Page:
CDM 2007 was acknowledged as a step in the right direction in the campaign to improve the well being of workers on site or in the care of buildings. It did indeed make explicit many of the implied issues of its forerunner. However, it left us with quite a few gaps and many points that can be interpreted in a near infinite range of possibilities to the originators’ will.
While there are improvements, there are equally black holes still, and getting the message across at all levels to every interested party is still difficult. We, of course, have to decide what the message is before that, and to some this is still a difficult challenge in its own right.
There is a huge amount of effort within the health and safety world to make some things much more complex than they need to be or to make it seem as if the future of the world depends on it. Neither is proportionate or true. Some things in health and safety can be immensely important but have to be taken into context.
Accreditation is one of these. This process has grown up as the need to ensure competence has passed from client to independent auditor. For all members of a professional body who are audited as part of their membership this is an imposition. But nonetheless, in order to even be placed on a directory to be considered for tender being passed by one of these companies is necessary.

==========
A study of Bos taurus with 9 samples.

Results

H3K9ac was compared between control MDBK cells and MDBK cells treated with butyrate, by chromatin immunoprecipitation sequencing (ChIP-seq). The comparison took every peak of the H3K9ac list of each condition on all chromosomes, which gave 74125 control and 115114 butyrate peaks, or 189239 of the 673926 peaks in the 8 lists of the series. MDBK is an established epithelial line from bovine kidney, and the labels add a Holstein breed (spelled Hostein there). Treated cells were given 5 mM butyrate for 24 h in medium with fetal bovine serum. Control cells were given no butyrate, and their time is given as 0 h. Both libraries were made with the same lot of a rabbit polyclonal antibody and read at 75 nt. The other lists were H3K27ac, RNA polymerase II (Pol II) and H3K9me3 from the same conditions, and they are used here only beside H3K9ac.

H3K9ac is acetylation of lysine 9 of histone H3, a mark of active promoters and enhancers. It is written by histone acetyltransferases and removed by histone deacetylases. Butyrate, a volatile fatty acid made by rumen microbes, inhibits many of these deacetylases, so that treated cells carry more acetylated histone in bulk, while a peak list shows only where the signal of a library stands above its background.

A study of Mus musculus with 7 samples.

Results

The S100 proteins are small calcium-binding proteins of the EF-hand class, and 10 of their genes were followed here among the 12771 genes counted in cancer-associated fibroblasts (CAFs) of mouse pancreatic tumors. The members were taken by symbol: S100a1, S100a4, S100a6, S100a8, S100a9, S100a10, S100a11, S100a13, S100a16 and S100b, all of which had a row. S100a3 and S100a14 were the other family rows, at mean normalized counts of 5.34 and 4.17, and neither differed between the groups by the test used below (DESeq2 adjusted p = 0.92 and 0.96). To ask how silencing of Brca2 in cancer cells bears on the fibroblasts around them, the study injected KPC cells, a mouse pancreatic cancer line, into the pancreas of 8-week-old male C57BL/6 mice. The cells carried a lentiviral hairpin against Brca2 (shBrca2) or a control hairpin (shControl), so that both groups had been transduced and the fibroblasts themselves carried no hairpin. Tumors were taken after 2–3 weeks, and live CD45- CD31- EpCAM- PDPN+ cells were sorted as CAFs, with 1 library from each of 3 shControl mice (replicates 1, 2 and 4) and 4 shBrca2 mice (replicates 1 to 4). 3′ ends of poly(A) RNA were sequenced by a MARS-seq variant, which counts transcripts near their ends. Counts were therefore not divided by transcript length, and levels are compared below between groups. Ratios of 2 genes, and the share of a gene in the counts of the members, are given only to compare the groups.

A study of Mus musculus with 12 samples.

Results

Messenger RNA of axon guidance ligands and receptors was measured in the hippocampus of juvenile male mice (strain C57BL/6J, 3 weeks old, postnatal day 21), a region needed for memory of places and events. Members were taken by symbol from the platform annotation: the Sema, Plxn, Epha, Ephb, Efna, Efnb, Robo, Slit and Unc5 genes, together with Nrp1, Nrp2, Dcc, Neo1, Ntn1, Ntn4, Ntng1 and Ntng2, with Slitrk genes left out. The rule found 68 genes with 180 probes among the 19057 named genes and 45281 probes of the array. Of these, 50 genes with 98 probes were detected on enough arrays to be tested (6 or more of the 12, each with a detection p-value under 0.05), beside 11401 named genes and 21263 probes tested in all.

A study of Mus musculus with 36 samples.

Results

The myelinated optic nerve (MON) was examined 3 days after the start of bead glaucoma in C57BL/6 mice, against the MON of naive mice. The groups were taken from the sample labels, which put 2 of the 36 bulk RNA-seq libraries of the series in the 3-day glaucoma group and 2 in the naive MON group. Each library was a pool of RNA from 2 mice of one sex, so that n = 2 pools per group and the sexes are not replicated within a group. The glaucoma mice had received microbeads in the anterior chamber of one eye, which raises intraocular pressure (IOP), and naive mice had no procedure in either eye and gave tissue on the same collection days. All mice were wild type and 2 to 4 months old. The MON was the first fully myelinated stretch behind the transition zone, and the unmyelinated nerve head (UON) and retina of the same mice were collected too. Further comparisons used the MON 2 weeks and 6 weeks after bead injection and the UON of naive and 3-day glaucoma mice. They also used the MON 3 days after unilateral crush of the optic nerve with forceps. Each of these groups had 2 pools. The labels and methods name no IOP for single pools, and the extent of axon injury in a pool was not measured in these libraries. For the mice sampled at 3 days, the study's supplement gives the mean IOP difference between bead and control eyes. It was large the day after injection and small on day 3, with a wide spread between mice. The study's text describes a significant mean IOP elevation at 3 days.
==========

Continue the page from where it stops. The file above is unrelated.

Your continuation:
It is a great irony that while the consultant needs to be fully accredited the company doing the auditing does not have to be. While the Safety Schemes in Procurement (SSIP) has helped here, there is still too much resource being put into this and not in improving the situation at site level.
It seems that often there is a parallel universe going on, in one we have the health and safety specialist who considers that no one moves with out a risk assessment, endless piles of paper and counter signatures to fill the Albert hall. However, in my opinion, all of this contributes nothing to the project or sadly to the improvement of safety.
In another equally bizarre world, we have (for example) the white van man who considers it will never happen to him and that he is made of kryptonite, so no accident will ever affect him. He may not be interested in safety equipment or regulations. And then there is the real world, that thankfully most of us occupy, where we do consider this a serious subject but not to the exclusion of all else.
We look at this in proportion, consider the other points of view and try to bring practicalities, proportionate responses and consensus building into the situation. This thereby increases the case for better and better standards and performance by everyone from client to design team to sub contractor. We hope that people will start getting the point.
Peter sits on several industry wide committees specialising in regulations and health and safety He was involved particularly with the industry guidance on the new CDM 2007 regulations. He gives regular seminars on a wide range of technical and health and safety and technical subjects.
Peter writes for several magazines on a regular basis including a column in Building, RIBAJ and Grand Designs Magazine. He has also given several seminars and regularly attends as an advisor to Grand Designs Live. He has taken part in several programs for the Einstein Channel now part of the RIBA active leaning scheme.
All the contents of the Barbour Blog posts, constitute the opinion of the Author, and the Author alone; they do not represent the views and opinions of the Author’s employers, supervisors, or organisation nor do they represent the view of Barbour EHS, or businesses / institutions associated with Barbour EHS.